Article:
On the march to Afghanistan

Sgt Lee Clarkson 34 from Layton.

Sgt Lee Clarkson 34 from Layton.

  • by Rebecca Draper

A TEAM of Fylde coast soldiers have been gearing up for their next tour of duty in Afghanistan.

Servicemen from 2nd Battalion The Duke of Lancaster’s Regiment, based at Weeton Barracks, are preparing to leave for the war-stricken country in the next month.

And to make sure they are well prepared for action, they have spent the last week undergoing a series of training drills at 
Westdown Camp in Tilshead, Salisbury.

Around 100 soldiers from the barracks have been getting to grips with the hi-tech equipment, including vehicles and weapons, as well as the techniques they will use to support soldiers of the Afghan National Army during their six-month tour.

Sgt Lee Clarkson, from Layton, said: “Our mission is to make sure that when it’s our time to pull out, the Afghanistan army will be able to carry on their mission to secure the country and make it a more stable environment.

“Obviously if anything goes wrong we will be there to offer them assistance, but we are just there to let them lead.

“It’s their time now.”

Sgt Clarkson, 34, has already served in Afghanistan – in 2006.

He added: “I am very excited to go. I like to get away.”

Kingsman Daniel Richardson, from Blackpool, has been based at Weeton for the past eight months.

The 25-year-old said: “This training is not so much hard, as just testing.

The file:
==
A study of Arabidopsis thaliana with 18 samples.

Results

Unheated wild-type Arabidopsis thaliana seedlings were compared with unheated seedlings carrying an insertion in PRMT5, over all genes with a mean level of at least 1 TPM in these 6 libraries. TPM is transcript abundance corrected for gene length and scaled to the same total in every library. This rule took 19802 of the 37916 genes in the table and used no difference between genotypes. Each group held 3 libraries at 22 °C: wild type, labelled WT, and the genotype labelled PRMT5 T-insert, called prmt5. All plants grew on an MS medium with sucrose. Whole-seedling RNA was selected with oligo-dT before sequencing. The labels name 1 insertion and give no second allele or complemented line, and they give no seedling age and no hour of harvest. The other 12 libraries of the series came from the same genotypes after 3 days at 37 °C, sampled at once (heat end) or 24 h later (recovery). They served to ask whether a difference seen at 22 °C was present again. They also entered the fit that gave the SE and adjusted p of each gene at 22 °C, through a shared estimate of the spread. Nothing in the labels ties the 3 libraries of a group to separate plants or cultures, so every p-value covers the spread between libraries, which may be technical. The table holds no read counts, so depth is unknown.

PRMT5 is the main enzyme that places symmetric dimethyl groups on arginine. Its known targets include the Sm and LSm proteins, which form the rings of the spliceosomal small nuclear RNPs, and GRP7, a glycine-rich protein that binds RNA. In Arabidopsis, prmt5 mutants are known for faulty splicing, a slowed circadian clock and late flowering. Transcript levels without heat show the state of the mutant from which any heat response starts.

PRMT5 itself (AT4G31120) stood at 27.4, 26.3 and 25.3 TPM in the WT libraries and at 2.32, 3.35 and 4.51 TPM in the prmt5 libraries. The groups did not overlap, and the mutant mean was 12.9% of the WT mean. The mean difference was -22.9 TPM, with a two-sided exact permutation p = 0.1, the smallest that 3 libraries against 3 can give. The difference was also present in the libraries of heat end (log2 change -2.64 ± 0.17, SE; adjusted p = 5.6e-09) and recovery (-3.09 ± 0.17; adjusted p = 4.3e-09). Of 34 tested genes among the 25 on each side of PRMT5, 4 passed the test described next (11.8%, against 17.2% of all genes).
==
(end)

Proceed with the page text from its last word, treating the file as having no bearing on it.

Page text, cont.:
“We’re sleeping in tents when it’s minus four degrees and you can hear them doing drills outside.

“But we’re not new to this training, and it’s realistic to give us a good idea of what to expect.

“It’s been hard on the physical side, but I have enjoyed it.”

The recent attack by insurgents on a police post in Afghanistan left 11 officers and six others dead.

The Taliban said they carried out the attack, in the central-eastern province of Ghazni, and shows there are very real challenges to face in Afghanistan.

Kingsman Richardson said the drills done as part of training covered ground operations, reacting to indirect fire and casualties to visiting local villagers and speaking with the Afghan leader.

This tour will be Kingsman Richardson’s first one abroad.

He said: “You hear different things from different people, but I’m excited about going out, taking each day as it comes and finding out for myself what it’s like to serve abroad.

“I think everyone’s looking forward to it.

“There are a lot of people like me who haven’t been before, and we all just want to get out there.”